Post-nominal letters are the letters a person writes after his or her name to signify degrees earned from institutions of higher learning such as universities, seminaries, graduate institutions and medical schools. Intricate rules exist for notating post-nominal degrees in correspondence with respect to punctuation, order of degrees listed and etiquette.
Degree Notation After Name
A person who holds multiple degrees and is writing in a context outside of a scholarly environment may include the notation for one degree following her name. The degree chosen may be her highest degree or the one most relevant to her present correspondence. Listing a whole string of degrees after one’s name is considered a sign of pretension and suggests that the writer is flaunting her education. But within an academic setting, degree-holders may list all of their degrees based on the institution, as some schools advise against it.
Order of Degrees
No definitive set of rules exists governing the correct order in which multiple degrees are listed. While some academic institutions discourage listing multiple degrees, others recommend listing them in the chronological order in which they were given. In the standard hierarchy of listing degrees after names, academic degrees occupy a mid-tier ranking. A person holding religious degrees and academic degrees lists the religious degree first. List academic degrees before honorary degrees, which are listed before professional licenses.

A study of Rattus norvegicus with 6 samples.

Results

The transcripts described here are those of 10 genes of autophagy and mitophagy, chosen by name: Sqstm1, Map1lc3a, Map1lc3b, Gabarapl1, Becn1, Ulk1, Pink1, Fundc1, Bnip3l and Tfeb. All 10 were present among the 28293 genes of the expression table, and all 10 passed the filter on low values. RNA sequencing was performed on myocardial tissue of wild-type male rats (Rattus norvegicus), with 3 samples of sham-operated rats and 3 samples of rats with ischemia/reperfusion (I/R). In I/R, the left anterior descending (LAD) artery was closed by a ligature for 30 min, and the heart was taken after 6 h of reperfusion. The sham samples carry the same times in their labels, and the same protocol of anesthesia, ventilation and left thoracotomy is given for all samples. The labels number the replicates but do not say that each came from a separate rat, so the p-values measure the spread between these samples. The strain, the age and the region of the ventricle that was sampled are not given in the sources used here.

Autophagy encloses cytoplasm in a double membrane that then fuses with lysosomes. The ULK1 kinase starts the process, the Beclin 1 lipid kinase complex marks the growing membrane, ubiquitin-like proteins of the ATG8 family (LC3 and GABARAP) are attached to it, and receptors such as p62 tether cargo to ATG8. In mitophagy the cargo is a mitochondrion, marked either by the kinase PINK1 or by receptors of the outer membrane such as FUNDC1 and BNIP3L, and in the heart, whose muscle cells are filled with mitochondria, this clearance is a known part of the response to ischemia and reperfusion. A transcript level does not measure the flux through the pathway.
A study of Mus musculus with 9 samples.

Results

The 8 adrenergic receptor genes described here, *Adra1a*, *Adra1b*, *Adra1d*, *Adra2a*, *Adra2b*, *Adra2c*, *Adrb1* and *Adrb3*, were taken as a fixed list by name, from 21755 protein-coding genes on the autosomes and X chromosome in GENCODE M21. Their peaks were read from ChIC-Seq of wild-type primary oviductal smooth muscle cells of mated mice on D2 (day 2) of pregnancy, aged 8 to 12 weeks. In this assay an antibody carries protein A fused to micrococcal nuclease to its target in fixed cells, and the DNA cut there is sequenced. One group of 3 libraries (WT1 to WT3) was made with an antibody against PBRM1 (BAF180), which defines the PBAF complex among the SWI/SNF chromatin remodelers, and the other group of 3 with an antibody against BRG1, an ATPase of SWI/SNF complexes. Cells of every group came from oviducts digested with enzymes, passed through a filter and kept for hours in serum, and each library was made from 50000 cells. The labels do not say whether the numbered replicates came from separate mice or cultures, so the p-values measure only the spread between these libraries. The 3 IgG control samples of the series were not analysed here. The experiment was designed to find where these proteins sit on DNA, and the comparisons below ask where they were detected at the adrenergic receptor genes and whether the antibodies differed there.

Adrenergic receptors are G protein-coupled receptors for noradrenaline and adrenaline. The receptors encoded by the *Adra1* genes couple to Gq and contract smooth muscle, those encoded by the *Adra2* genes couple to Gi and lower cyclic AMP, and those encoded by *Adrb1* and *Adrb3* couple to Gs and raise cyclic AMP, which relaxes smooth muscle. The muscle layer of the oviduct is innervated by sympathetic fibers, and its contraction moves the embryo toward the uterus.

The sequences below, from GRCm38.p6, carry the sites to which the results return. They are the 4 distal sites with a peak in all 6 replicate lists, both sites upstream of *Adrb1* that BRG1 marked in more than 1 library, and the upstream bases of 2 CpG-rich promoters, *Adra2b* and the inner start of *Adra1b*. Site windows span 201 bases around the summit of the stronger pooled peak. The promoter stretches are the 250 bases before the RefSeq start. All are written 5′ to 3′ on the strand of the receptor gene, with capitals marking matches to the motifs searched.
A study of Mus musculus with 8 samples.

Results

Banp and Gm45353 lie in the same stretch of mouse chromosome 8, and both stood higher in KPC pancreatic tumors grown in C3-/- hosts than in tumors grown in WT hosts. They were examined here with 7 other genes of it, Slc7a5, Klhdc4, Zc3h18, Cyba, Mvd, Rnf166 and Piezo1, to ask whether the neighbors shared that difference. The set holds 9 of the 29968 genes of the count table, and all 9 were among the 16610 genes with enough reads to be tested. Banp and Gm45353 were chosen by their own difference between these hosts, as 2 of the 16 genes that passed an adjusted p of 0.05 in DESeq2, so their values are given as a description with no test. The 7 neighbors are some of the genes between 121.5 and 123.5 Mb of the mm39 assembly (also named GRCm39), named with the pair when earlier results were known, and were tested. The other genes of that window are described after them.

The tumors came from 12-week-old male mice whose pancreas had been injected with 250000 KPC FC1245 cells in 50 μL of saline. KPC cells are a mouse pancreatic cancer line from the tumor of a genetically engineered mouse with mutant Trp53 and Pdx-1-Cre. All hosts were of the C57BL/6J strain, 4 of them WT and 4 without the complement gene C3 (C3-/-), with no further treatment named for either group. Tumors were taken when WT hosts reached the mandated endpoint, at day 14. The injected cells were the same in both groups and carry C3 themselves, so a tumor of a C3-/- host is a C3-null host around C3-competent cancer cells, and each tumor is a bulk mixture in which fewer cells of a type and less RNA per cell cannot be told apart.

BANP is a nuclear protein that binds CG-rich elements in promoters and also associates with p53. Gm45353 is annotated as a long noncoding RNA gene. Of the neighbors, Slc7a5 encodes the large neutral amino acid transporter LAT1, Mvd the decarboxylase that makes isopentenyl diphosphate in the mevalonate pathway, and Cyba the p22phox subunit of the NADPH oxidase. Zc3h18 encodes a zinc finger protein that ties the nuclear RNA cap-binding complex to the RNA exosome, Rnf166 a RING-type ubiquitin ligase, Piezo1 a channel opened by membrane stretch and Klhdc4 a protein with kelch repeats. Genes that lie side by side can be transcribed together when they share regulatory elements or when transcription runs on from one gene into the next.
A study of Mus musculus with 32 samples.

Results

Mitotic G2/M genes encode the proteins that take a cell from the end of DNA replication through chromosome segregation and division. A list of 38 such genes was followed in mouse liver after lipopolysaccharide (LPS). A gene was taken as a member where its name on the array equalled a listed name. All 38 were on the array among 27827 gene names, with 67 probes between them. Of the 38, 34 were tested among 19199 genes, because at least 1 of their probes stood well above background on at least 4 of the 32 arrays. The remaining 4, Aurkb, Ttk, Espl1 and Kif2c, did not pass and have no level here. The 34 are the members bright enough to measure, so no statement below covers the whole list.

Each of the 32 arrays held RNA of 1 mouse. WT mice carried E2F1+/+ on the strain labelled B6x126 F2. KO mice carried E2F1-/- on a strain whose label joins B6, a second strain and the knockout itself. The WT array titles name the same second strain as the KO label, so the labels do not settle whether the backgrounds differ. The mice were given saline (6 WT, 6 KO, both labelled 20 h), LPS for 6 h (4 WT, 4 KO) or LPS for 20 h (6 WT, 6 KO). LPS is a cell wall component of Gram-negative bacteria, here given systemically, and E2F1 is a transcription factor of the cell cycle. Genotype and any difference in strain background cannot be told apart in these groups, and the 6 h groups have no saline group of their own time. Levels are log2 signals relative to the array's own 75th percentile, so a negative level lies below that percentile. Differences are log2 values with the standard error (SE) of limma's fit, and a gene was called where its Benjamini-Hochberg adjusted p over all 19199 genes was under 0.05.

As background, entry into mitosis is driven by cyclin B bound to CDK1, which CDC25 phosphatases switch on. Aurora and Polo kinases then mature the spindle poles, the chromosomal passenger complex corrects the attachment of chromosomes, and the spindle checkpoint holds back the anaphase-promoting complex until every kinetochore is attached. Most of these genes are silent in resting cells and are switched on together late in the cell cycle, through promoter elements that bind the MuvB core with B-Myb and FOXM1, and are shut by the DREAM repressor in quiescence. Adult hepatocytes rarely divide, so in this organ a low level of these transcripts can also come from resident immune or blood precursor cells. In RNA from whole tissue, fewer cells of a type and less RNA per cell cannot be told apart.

Punctuation and Capitalization
The Associated Press Stylebook recommends abbreviating degrees, with periods but without spaces, when many individuals are being listed at the same time so that abbreviation is necessary to save space. When the letters are abbreviated, they should be capitalized -- for example, "Hans Hartman, Ph.D." Otherwise, the AP Stylebook suggests writing out the full title in lower-case letters, such as "Hans Hartman, who has a master's in psychology."
Abbreviations for people with bachelor’s degrees include BA for bachelor of arts; BFA for bachelor of fine arts; BM or B.Mus for bachelor of music and BS for bachelor of science. Abbreviations for those with doctorate degrees include DMin or D.Min for doctors of ministry; DSc for doctors of science; PhD or Ph.D. for doctors of philosophy; and EdD or Ed.D. for doctors of education. Abbreviations for those with master’s degrees include MDiv or M.Div. for masters of divinity; MD or M.D. for doctors of medicine; MM for masters of music; and MS for masters of science.
Boze Herrington is a writer and blogger who lives in Kansas City, Mo. His work has been featured in Cracked and "The Atlantic."